Many clay pots have been created over the centuries, but the majority of the oldest ones were more functional than pretty. They were used for food storage, and the only markings on them were often those telling people what was inside. As societies became large enough for leisure time, creating art out of these simple vessels became a way for some people to make a living. Their pots may not have been any better than those of others, but the way they looked attracted enough customers to make it worthwhile to continue practicing their art.
Colours are often what buyers notice immediately, so artisans have generally gone with bright ones to attract attention. Many of the oldest decorations on pottery were stains made with local pigments. These were often extracted from plants in their area, but some artisans were willing to travel quite far to get the right pigments for their creations. Many of those that became cherished throughout the centuries had colours found nowhere else.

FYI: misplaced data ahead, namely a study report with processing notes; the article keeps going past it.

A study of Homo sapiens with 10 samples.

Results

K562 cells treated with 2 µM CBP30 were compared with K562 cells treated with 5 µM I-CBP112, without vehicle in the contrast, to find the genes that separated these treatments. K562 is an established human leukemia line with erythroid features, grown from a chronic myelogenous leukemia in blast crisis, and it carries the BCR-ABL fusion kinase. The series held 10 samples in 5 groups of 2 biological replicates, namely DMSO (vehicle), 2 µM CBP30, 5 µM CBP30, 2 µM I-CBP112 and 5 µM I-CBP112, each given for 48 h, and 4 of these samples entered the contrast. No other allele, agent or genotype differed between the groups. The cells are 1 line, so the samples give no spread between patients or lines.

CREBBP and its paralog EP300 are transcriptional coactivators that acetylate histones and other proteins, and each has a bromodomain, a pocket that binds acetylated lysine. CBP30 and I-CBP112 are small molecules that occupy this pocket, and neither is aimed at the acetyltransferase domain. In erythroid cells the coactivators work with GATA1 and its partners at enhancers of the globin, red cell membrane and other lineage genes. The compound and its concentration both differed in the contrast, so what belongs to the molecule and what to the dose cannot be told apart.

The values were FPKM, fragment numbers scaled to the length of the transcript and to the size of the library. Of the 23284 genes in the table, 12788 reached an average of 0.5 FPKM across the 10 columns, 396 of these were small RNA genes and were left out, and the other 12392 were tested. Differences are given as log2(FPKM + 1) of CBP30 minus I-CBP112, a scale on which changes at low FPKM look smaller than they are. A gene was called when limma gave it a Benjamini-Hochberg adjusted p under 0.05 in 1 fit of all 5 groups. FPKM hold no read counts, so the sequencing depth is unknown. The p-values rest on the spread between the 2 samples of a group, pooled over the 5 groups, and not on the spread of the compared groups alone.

Shape may have been important to ancient man, and a slightly different one could have been a good way to become popular among the locals. Artisans creating pots in different sizes and shapes might have seemed more advanced to their customers. Some shapes have retained their popularity over the ages, but others might have only been local due to their lack of function in other societies. Longevity in ancient times might have been more important than a fancy look.
Creativity with everyday objects has long been the function of artisans, and clay pots have offered them a wealth of invention. Different colours applied in a unique pattern might have been their brand of fame, or a new shape could have propelled them to prosperity. The versatility of clay in creating pots still flourishes today in modern societies, and the creative uses of colours and shapes seems to be endless.